An international team of researchers has discovered a new binding partner for amyloid precursor protein (APP)—a neurotransmitter called GABABR1a. In their paper published in the journal Science, the group describes their study of a nonpathogenic version of APP and what they found. Martin Korte with Technische Universität Braunschweig has written a Perspective piece on the work done by the team in the same journal issue.
APP is well-known for the role it plays in the development of Alzheimer’s disease—it is torn apart by an enzyme, resulting in the formation of amyloid β, which aggregates into the notorious clumps in the brain that that are the hallmark of the disease. As part of the study of neurological disorders, scientists have been working to understand what APP does in the brain prior to its role in Alzheimer’s.
Prior research has shown that at least one version of APP is involved in balancing the firing of neurons by reducing the release of neurotransmitters sent between neurons. In this new effort, the researchers report discovering that APP works with a specific transmitter called GABABR1a as part of this process.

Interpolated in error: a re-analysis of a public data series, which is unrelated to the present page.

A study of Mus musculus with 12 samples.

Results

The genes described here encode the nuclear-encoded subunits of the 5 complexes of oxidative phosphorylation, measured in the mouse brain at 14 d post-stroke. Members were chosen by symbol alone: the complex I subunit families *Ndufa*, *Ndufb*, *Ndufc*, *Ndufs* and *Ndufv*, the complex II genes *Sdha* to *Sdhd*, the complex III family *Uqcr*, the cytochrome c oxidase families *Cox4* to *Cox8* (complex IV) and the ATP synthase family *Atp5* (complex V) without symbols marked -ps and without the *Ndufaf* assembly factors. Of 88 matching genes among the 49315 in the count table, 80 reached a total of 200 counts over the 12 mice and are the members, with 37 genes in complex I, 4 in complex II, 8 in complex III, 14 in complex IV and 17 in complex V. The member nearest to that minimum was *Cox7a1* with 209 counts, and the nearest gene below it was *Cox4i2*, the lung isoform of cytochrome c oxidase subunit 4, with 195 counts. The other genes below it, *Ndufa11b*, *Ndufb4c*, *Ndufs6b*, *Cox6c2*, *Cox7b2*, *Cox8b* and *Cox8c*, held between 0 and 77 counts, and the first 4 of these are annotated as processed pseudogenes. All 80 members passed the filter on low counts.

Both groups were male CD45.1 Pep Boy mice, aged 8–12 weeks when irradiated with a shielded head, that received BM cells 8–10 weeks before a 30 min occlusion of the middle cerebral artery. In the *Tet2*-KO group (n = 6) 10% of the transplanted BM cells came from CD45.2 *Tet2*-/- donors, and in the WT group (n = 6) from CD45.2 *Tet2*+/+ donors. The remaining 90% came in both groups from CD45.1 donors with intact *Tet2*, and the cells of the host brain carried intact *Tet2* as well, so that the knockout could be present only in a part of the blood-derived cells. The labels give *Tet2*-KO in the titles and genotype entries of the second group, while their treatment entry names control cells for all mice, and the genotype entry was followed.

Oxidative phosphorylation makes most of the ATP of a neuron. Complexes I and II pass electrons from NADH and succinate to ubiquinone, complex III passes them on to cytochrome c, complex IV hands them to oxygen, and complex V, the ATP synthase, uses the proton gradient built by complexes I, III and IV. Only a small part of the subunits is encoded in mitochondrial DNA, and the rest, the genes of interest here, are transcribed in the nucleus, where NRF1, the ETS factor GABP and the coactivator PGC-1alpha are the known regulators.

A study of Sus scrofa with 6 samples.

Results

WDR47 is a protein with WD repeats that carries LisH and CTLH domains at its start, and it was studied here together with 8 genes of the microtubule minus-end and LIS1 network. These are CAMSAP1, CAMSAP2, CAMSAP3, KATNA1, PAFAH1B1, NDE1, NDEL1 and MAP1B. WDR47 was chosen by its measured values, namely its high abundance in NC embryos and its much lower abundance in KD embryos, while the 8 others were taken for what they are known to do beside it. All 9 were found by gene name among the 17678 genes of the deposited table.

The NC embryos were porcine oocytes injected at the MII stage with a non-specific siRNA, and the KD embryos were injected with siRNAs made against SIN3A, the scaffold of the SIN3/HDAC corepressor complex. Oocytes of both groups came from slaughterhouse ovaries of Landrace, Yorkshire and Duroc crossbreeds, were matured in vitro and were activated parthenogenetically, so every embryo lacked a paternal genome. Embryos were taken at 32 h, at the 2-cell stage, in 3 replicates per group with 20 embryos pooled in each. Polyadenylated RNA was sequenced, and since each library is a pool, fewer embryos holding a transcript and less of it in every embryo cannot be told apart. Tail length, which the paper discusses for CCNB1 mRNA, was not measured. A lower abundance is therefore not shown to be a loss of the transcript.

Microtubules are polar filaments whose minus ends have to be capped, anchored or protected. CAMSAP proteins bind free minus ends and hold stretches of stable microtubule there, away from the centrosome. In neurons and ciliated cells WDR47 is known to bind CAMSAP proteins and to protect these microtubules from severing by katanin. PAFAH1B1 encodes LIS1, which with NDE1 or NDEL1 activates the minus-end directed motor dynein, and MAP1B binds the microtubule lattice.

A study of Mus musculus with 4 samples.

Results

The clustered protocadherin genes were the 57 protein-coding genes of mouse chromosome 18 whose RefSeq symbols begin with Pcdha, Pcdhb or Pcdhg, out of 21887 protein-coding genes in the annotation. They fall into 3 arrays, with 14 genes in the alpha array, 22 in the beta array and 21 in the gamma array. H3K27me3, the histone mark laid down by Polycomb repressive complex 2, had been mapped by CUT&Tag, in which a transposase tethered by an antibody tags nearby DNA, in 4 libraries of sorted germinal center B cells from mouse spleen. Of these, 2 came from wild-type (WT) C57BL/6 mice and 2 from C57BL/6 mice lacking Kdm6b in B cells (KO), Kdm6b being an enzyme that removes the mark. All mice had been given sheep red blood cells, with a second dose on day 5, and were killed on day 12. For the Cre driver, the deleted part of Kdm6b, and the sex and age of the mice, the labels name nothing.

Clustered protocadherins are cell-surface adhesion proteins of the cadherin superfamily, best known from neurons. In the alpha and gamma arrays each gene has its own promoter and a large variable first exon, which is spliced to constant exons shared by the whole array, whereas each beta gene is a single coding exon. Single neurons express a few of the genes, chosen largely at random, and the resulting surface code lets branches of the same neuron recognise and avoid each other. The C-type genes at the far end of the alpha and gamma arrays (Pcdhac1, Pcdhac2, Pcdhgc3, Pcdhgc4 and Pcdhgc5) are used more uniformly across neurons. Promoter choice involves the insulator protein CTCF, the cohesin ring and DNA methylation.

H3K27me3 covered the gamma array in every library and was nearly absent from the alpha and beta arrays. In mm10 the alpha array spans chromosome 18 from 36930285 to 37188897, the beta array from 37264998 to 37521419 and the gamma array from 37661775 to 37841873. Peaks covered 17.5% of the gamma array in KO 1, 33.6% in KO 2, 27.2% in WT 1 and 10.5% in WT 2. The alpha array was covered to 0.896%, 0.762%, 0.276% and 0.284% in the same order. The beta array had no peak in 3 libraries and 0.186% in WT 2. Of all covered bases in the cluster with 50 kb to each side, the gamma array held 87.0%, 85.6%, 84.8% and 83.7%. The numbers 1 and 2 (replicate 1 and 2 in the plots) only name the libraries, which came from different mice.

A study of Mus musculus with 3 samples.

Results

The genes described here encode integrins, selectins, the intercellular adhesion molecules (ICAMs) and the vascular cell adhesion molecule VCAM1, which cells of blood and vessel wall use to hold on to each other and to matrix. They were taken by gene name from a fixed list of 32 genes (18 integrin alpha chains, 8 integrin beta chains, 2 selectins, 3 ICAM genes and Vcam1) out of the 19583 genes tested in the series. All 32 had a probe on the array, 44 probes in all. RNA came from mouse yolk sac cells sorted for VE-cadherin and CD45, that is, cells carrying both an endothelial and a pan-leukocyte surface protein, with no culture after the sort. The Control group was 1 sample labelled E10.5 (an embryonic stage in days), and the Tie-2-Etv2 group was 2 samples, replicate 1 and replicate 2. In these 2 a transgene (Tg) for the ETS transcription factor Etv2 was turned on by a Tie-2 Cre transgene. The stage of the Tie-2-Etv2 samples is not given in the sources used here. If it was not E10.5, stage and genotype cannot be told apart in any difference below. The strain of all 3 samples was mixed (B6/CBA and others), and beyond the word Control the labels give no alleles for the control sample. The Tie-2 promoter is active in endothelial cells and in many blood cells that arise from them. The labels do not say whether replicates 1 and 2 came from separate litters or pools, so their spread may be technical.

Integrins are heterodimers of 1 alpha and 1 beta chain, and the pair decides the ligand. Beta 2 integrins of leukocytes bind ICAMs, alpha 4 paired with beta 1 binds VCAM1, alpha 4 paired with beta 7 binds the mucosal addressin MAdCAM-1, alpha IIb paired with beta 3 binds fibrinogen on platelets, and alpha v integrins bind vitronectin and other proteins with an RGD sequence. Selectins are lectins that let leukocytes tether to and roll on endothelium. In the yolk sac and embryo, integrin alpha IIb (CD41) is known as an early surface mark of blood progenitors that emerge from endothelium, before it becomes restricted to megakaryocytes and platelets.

In their study, the researchers looked at a form of APP that resides in the membranes of neurons and another that is secreted by neurons. They note that GABABR1a belongs to the latter group. The team was specifically looking for APP binding partners in rat synapses (taken from the hippocampus). The process involved removing transmitters one at a time and watching changes in electrical output as they were introduced to APP. They found that when APP and GABABR1a were binding, there was a reduction in the release of the neurotransmitter. This suggested that the two are binding partners that play a role in the electrical firing involved with neuronal communications.
The team plans to continue their study of both APP and GABABR1a hoping to learn more about which cell types are typically involved and what brain parts. There is also more work to be done to determine the nature of other kinds of APP and what they do—and there also lies the possibility of using new knowledge learned about APP to develop therapies for brain disorders.